It’s important to understand the basic differences between term life insurance and permanent life insurance in GA.
With term life insurance, you’re essentially “renting” life insurance, which provides a straight death benefit in exchange for annual premiums.
These policies do not contain any type of cash value or investment option. They have one major purpose and that is to provide money to your beneficiary in the event of your death.
Term life insurance has one major purpose — to provide money to your beneficiary in the event of your death.
A beneficiary can be perhaps a spouse, children, or charity. Anything or anyone who would stand to lose out financially if you no longer provided income.
As an example, this type of insurance is a great way to cover the cost of a child’s future college education. You can also use term life insurance benefits to pay off a home mortgage.
It is also the most affordable – especially for those who are young and in good health.
In fact, for individuals who want a large amount of death benefit for a low premium cost, term policies are the way to go.
As the name suggests, term life covers only a specific time period. These are usually 10, 15, 20, or 30 years.
Term policies are in fact “temporary” coverage.
The insured can re-apply for a new policy when their first term life insurance policy expires. The new policy will take into account their new age and health condition.
Since you are older and may also have a new health condition – the new policy’s premium will likely be higher.
If you've been diagnosed with various health conditions, you may even be uninsurable. This means you may not be able to get future coverage.
Term Life Insurance Quotes
The premiums for term life insurance plans are typically lower than whole life insurance. This is especially true for young, healthy applicants.
These policies can provide a great way to get a high amount of death benefit coverage for a very low price.
In fact, if you’re looking for the cheapest life insurance you can buy, definitely go with a term option.
In some cases, term policies can include a conversion rider. This allows the policy to convert into a permanent policy after a certain period of time.
With convertible policies, the insured is able to convert from a term policy over to a permanent life insurance policy. If the premium payments have been made, there will be no medical exam. This means you can qualify at the same health level you were at when you first applied (perhaps 10+ years ago).
This can mean a big difference in premium!
There are so many different types of term life insurance. So you really have your pick based on your situation.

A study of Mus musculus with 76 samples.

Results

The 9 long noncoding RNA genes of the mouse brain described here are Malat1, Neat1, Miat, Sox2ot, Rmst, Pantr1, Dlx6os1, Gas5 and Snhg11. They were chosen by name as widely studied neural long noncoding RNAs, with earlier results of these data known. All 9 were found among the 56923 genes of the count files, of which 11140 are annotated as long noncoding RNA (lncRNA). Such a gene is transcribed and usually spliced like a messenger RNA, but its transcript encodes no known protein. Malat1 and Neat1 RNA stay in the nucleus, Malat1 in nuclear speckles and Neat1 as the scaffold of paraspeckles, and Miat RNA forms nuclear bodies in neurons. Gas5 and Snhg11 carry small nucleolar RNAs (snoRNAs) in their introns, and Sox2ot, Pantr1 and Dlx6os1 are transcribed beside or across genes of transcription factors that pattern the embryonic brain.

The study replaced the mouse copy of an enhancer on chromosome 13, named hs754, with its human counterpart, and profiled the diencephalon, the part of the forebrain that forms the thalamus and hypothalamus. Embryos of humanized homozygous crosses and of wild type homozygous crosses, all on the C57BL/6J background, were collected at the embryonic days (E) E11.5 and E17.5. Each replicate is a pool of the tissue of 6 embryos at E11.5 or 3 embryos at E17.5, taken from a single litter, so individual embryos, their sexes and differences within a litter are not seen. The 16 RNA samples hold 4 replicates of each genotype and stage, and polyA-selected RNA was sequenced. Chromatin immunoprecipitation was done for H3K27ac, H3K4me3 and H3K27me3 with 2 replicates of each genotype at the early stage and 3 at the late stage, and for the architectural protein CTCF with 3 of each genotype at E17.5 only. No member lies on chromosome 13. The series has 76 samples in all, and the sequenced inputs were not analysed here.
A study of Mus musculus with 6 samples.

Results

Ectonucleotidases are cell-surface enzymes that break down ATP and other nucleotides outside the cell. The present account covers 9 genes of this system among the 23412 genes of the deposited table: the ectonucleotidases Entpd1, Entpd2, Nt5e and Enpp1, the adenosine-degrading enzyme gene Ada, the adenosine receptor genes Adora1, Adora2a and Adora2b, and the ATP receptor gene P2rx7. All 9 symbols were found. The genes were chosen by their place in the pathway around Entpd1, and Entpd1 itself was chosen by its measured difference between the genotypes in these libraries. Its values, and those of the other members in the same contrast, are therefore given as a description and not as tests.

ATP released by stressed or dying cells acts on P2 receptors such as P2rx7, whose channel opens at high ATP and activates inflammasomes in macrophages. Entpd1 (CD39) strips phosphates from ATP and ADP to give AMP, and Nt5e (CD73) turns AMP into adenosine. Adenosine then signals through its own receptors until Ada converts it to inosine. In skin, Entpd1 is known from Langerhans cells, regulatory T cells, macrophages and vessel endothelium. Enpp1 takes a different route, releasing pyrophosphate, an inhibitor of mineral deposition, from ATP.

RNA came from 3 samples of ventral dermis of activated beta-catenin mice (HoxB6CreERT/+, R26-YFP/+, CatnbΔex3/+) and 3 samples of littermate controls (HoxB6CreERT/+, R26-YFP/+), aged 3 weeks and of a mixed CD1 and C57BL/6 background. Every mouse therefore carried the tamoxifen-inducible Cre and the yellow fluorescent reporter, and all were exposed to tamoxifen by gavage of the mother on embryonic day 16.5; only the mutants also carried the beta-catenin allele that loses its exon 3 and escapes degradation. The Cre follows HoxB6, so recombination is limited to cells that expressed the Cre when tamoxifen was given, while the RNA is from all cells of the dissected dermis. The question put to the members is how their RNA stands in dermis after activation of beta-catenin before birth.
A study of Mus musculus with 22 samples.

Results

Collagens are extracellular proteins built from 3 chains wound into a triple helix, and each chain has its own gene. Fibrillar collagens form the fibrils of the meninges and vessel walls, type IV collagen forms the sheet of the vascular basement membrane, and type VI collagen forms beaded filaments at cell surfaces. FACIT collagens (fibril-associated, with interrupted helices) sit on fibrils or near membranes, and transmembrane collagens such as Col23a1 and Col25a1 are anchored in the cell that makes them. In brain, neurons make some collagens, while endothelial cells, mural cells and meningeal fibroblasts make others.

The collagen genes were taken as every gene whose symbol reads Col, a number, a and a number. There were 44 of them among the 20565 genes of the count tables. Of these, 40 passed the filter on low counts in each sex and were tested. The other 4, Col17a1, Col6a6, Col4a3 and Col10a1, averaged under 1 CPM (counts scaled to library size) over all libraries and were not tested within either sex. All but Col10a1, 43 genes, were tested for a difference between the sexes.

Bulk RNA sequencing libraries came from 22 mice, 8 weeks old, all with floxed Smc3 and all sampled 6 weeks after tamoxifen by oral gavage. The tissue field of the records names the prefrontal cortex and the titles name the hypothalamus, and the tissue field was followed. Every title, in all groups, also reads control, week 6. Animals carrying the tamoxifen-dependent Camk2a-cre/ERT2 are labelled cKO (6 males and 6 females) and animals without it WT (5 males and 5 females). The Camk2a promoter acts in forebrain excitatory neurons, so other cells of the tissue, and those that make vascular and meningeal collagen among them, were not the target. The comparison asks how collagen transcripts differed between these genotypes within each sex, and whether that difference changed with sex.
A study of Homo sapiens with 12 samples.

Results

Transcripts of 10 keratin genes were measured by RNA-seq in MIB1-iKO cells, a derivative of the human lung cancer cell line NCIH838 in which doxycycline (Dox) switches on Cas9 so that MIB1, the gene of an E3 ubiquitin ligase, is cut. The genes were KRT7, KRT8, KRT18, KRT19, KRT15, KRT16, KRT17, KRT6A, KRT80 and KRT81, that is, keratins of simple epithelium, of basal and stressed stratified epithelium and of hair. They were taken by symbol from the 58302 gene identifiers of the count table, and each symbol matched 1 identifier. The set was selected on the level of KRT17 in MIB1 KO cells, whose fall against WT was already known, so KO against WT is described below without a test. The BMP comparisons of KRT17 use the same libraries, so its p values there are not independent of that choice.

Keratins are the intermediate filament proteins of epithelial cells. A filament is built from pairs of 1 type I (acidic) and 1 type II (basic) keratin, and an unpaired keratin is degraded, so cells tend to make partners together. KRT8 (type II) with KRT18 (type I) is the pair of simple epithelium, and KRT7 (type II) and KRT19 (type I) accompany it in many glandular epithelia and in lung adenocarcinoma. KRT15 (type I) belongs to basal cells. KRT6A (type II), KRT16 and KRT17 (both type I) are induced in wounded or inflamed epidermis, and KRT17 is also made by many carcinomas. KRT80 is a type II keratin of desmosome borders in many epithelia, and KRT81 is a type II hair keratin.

Permanent Life Insurance
This type of life insurance will include both a death benefit and a cash value component.
The cash value in a permanent policy grows on a tax-deferred basis.
This means there are no taxes which are due on the gain until the time the money is withdrawn. This can essentially allow the cash to grow and compound on an exponential basis.
Unlike term life insurance, permanent life policies do not have any "end date" of coverage.
Those who purchase permanent coverage will typically keep their coverage for the “whole” of their lives. That's why it is often referred to as "whole life insurance".
These plans are usually intended to cover longer-term needs, as well. This makes them really useful for estate planning.
Permanent life is also often purchased on younger individuals and then kept for many years. This way, the person has life insurance coverage, along with a savings vehicle which grows tax-deferred over time.
There are three main types of permanent life insurance:
Whole Life – the most common permanent policy. It has the standard death benefit and uses a savings account as its investment piece. Along with deposits from your regular premiums, the savings account grows from dividends the insurance company pays into the account. To help you get a better understanding we did an entire write up on whole life insurance.
Universal or Adjustable Life – These policies offer a greater amount of flexibility than standard whole life policies. Many offer you the opportunity to increase your death benefit after passing a new medical examination. These policies will also let you pay your premiums from your cash balance. This can be a useful feature in times where your personal finances are stretched. Get a better understanding of our article on universal life insurance policies.
Variable Life – Similar to whole life except you can take the money in your savings account and invest it in stocks, bonds, mutual funds, and money market accounts. This comes with more risk so make sure you have a good grasp on those risks before purchasing a variable life insurance policy.